Just because nobody complained to your face about the meeting you just led, doesn’t mean it went well. You’ll never get better at leading meetings if you don’t evaluate meetings.
There are two basic approaches to meeting evaluation:
- Self-assessment meeting evaluation
- Participant meeting evaluation
Self-assessment is an easy way to start
Assuming you have a good handle on what an effective meeting looks like, and if you have decent self-awareness; you’ll likely be able to evaluate meetings you’ve led.
This depends, of course, on you taking the time to do the meeting evaluation. Most of us are off to another meeting or have a full email inbox that needs our attention. Sadly, it’s rare to give past meetings a second thought.
Because facilitating meetings professionally is what I do, I almost always think about how the meeting went.
Sometimes I am confident the meeting went well. I know what went well and why. Participant feedback confirms my assessment.
At other times I’ve finished a meeting and immediately thought, Geez, that didn’t go as well as I would have hoped. And in the next few minutes several people approach me to excitedly proclaim that was one of the most productive meetings they’ve ever attended.
All I can think is that I’m glad I don’t go to their usual meetings.
Take this free self-assessment right now
This meeting assessment will help you determine the effectiveness of meetings you attend. You can use it to think about a single meeting, a repeating meeting, or even all the meetings you have attended in the recent past.
What do your meeting participants think?
The people in your meeting will have opinions. If the meeting was a waste of their time, they’ll certain be vocal about it…to other people.
It would be much better to find out what they think and put that information to use making future meetings better.
Here are four ways to quickly gather participant feedback about your meeting.
Draw a line down the middle of a flip chart or a white board. On one half write the word “Keep” and on the other half the word “Change.”
Ask people to reflect on the meeting and yell out things they think should be kept or changed for the next meeting. You’ll need to encourage them to be candid about the problems they saw. This method is fast and usually yields an insight or two.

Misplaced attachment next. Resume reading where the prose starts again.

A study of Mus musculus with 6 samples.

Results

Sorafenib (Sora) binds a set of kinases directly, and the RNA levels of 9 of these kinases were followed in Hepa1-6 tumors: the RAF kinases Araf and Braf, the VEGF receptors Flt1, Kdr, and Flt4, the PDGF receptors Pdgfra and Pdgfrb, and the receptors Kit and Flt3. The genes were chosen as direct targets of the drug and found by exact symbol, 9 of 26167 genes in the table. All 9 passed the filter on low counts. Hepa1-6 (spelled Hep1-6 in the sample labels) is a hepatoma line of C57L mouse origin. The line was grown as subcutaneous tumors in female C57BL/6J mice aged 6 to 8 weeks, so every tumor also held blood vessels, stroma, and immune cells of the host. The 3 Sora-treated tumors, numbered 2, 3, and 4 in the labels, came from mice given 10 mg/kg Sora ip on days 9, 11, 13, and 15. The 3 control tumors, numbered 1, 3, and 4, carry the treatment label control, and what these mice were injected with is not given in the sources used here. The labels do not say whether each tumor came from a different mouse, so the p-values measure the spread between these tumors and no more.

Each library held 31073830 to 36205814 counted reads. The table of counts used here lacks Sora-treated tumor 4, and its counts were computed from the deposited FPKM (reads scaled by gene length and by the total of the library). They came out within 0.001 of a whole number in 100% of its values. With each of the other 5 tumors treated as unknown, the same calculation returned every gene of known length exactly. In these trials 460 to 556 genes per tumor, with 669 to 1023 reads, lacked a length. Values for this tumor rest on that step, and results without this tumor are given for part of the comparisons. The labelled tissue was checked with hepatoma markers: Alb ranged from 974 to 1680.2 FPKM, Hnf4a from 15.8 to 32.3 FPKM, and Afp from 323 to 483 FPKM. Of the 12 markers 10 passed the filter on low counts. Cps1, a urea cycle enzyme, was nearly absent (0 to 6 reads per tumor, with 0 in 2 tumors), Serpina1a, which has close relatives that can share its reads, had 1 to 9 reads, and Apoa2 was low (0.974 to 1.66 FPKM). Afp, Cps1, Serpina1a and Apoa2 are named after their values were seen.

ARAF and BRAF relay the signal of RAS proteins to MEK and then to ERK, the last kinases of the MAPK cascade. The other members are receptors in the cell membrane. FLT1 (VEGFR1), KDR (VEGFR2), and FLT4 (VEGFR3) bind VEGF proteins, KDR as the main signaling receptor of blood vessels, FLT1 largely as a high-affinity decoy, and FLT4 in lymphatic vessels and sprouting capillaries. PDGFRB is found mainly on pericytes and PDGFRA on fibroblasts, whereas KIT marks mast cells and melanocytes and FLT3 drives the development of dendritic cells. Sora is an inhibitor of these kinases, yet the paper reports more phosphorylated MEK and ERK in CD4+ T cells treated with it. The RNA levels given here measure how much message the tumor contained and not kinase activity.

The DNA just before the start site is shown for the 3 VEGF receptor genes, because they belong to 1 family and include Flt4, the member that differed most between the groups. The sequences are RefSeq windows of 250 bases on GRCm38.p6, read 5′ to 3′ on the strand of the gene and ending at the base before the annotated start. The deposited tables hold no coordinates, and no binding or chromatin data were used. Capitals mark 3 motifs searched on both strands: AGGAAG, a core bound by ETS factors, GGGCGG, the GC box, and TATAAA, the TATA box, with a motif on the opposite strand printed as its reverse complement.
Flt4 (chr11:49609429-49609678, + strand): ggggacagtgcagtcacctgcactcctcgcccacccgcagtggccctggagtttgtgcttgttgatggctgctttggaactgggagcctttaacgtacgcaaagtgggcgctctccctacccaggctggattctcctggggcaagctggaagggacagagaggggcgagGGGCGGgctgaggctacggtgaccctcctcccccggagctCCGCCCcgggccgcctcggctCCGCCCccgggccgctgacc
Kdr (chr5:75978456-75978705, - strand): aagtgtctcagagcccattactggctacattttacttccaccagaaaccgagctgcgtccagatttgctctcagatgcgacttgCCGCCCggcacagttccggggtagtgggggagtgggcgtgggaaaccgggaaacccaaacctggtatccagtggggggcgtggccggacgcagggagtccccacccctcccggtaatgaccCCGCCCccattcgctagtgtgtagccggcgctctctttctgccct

2. Letter grade
Each person gives the meeting a letter grade (A-F). After recording the grades, ask people for one or two reasons they graded the meeting as they did.
If letter grades give you flashbacks, use a scale similar to the one in the picture at the beginning of this article. Those hand-drawn emoticons can be quite useful in capturing people’s opinions.
3. Paper survey
Distribute a short survey card at the end of the meeting that asks people to comment directly on the evaluation questions.
You can combine a few quantitative questions with a couple open-ended questions. These could once again be something simple like keep and change, but now people don’t have to be so public in their opinions.
4. Electronic survey
Use a quick follow-up web-based survey. I’m a big fan of SurveyMonkey. This provides a way for the group to provide anonymous feedback.
These days, with many meetings happening remotely, it’s easy to implement the survey through Microsoft Teams or the team collaboration tool you used.
Set up a standard survey and just repeat it to your group after every meeting. If you make it easy and act on the what you learn, you will help raise your group’s willingness to provide feedback.
Improve your meetings
It doesn’t matter how you collect the information. It only matters that you do collect and use it. The insights gained can lead to better meetings. Don’t miss this opportunity to make yours better.
Want some help improving your meetings? Let’s talk about what you have going on.